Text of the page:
Hobby v. Business

I’ve learned the hard way that it’s possible to think you’re running a real business when you’re actually running a hobby. Here are some differences so that you can tell them apart:

Activity Hobby
I make … whatever I want whatever customers want
I do .. whatever I want whatever it takes to learn what customers will pay for and then deliver it to them
I buy … whatever equipment, tools and software (a.k.a. ‘toys’) that I want only what will enable me to deliver what customers will pay for (otherwise I save my money)
I focus on … my business (i.e. my hobby) whatever it takes to make the business work (including getting a job if necessary)
I know … what customers want (they want whatever I decide to make!) that I don’t know what customers want – I must visit potential customers and learn from them.
I want … positive feedback (what if people don’t like what I make?!?) real feedback (because I’m committed to making whatever customers want)
I celebrate … low value sales (this is working! all of my dreams are validated! I should go all in!) every sale but recognise that there’s a long, long way to go before this business will generate real income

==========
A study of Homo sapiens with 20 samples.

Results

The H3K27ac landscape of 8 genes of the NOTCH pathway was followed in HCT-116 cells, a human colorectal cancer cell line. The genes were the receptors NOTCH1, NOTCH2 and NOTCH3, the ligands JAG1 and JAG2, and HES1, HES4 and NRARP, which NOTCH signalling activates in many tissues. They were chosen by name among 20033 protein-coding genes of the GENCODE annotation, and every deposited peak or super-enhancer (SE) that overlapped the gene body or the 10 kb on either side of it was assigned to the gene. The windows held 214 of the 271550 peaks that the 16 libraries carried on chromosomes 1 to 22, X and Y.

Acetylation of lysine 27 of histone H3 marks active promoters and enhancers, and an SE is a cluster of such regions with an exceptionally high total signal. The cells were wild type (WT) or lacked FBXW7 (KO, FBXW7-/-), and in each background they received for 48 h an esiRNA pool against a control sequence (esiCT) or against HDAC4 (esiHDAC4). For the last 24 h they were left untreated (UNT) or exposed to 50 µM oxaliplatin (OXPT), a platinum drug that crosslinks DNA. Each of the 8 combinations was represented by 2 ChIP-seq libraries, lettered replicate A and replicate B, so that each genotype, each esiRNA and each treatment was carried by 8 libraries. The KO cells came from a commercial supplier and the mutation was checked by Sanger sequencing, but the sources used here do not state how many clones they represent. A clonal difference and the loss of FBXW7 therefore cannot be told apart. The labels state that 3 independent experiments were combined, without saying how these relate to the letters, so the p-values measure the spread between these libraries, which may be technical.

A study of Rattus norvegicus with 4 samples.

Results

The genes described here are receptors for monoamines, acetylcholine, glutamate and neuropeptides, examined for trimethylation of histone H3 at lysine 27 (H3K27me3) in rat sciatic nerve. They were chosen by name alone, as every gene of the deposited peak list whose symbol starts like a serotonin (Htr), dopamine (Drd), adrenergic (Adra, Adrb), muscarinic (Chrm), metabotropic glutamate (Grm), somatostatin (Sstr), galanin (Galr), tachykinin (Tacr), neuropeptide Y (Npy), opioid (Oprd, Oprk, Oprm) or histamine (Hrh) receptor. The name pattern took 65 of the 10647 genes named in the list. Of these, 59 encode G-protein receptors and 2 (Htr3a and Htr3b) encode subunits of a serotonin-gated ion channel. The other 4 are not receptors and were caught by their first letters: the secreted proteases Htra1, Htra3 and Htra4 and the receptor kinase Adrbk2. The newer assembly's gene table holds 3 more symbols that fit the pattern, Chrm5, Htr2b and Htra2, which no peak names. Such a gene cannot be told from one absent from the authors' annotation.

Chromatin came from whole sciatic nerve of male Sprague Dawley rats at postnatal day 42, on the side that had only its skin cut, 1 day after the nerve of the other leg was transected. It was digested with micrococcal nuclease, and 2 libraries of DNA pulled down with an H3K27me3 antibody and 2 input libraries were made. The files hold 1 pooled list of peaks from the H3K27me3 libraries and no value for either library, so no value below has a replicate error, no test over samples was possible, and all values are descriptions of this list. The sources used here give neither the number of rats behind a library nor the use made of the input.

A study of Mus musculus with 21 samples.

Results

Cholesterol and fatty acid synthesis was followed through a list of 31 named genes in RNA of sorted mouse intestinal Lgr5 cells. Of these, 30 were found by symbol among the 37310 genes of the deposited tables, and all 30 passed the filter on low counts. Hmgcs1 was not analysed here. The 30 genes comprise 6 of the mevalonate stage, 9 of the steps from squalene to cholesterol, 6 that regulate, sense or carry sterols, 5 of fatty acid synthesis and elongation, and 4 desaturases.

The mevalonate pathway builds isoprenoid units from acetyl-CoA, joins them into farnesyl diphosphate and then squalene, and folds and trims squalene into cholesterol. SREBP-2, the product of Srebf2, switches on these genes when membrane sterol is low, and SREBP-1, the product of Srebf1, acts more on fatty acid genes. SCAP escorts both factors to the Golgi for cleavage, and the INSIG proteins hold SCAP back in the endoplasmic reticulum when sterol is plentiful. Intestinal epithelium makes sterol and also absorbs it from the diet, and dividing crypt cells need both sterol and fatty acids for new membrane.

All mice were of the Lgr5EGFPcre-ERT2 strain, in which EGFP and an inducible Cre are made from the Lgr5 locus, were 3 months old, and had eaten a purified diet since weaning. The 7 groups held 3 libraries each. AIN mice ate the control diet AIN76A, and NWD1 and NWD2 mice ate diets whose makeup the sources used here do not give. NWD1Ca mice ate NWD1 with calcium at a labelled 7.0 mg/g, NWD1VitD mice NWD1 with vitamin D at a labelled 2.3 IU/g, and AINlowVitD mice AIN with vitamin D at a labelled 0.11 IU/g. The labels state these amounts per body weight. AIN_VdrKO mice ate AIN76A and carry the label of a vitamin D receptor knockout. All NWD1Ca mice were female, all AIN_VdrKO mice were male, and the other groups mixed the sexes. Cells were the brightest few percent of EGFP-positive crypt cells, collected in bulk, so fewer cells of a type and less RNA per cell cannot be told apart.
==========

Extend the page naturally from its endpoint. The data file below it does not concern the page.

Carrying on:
I spend my time … making things (whatever I want to make) learning from customers until I understand their problem (and then I sell and build them a solution).

That doesn’t mean, of course, that you can’t turn your hobby into a real business in the future. What it means is that:

  1. you must know whether you’ve got a hobby or a business,
  2. your hobby must not be run like a business (or it will lose its joy), and
  3. your business must not be run like a hobby (or it will fail).